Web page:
About us: We own the Wild Birds Unlimited nature shop in East Lansing, Michigan,
a store that provides a wide variety of supplies to help you enjoy the birdwatching hobby.

This blog was created to answer frequently asked questions & to share nature stories and photographs.
To contribute, email me at bloubird@gmail.com.

Thursday, October 28, 2010

Did you notice a lot of birds at the feeder before the storm hit?

Before the storm rolled through mid-Michigan on Tuesday I noticed the birds' frenzied attack on the food in the feeders. Could they predict that tornado-like winds were about to hit?

Most birds have a special middle-ear receptor called the Vitali organ, which can sense incredibly small changes in barometric pressure. So if the activity at feeders suddenly becomes much more intense a storm may be approaching. Birds flying low or lining up on power lines also indicate swiftly falling air pressure.

The small birds like chickadees fly as little as possible and try to wait out storms in patches of dense vegetation or roosting boxes that give protection. And they appreciate feeders.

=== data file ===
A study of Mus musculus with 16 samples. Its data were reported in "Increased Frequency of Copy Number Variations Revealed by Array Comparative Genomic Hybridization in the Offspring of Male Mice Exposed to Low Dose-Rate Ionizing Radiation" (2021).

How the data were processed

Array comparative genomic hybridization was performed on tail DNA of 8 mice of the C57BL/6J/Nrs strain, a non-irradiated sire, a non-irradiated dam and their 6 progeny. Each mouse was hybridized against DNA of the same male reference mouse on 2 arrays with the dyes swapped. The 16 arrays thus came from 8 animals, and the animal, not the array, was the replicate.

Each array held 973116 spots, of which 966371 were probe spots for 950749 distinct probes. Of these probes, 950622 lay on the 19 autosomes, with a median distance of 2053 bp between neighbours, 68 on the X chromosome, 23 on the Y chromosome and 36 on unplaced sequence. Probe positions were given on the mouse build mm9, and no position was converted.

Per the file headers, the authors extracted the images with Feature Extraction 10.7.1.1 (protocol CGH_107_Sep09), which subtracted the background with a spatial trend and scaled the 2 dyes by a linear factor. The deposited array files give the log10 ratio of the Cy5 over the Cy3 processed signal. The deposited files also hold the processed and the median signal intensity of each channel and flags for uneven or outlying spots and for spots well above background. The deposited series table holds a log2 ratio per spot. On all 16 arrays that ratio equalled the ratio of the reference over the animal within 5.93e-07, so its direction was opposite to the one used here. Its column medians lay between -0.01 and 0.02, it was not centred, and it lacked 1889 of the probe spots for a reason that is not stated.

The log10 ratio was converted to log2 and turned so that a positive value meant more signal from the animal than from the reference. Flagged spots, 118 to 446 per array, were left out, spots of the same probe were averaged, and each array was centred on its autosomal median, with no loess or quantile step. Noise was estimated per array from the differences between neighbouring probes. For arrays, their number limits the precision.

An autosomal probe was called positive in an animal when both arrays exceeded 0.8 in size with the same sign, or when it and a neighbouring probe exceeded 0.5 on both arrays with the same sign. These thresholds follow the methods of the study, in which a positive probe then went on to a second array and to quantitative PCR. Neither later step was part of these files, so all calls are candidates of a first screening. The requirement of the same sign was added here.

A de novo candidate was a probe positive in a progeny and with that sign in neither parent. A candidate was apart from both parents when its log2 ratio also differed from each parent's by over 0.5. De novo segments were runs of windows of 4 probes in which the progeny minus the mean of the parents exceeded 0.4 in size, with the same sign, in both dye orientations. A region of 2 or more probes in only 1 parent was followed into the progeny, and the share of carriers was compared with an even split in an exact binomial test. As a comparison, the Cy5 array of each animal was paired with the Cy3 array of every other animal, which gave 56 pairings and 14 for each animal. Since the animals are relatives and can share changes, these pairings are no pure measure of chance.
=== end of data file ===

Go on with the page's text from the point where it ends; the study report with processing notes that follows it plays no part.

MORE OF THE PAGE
During storms birds may think of your feeder as a known source of food. While not dependent on feeders, birds don't feel like foraging for food in bad weather. Feeders make it easier for wild birds to brave a storm.

Today even though the storms are gone the high winds make flying difficult. I’m watching some birds that seem to be flying in place, while other birds like the Blue Jays seem to be able to navigate and take advantage of the wind. They zoom in at the feeder like a bullet.

I love when the wind blows but know it is hard on the birds, so I keep the feeders full. If they can navigate it to the feeder, they deserve a good meal.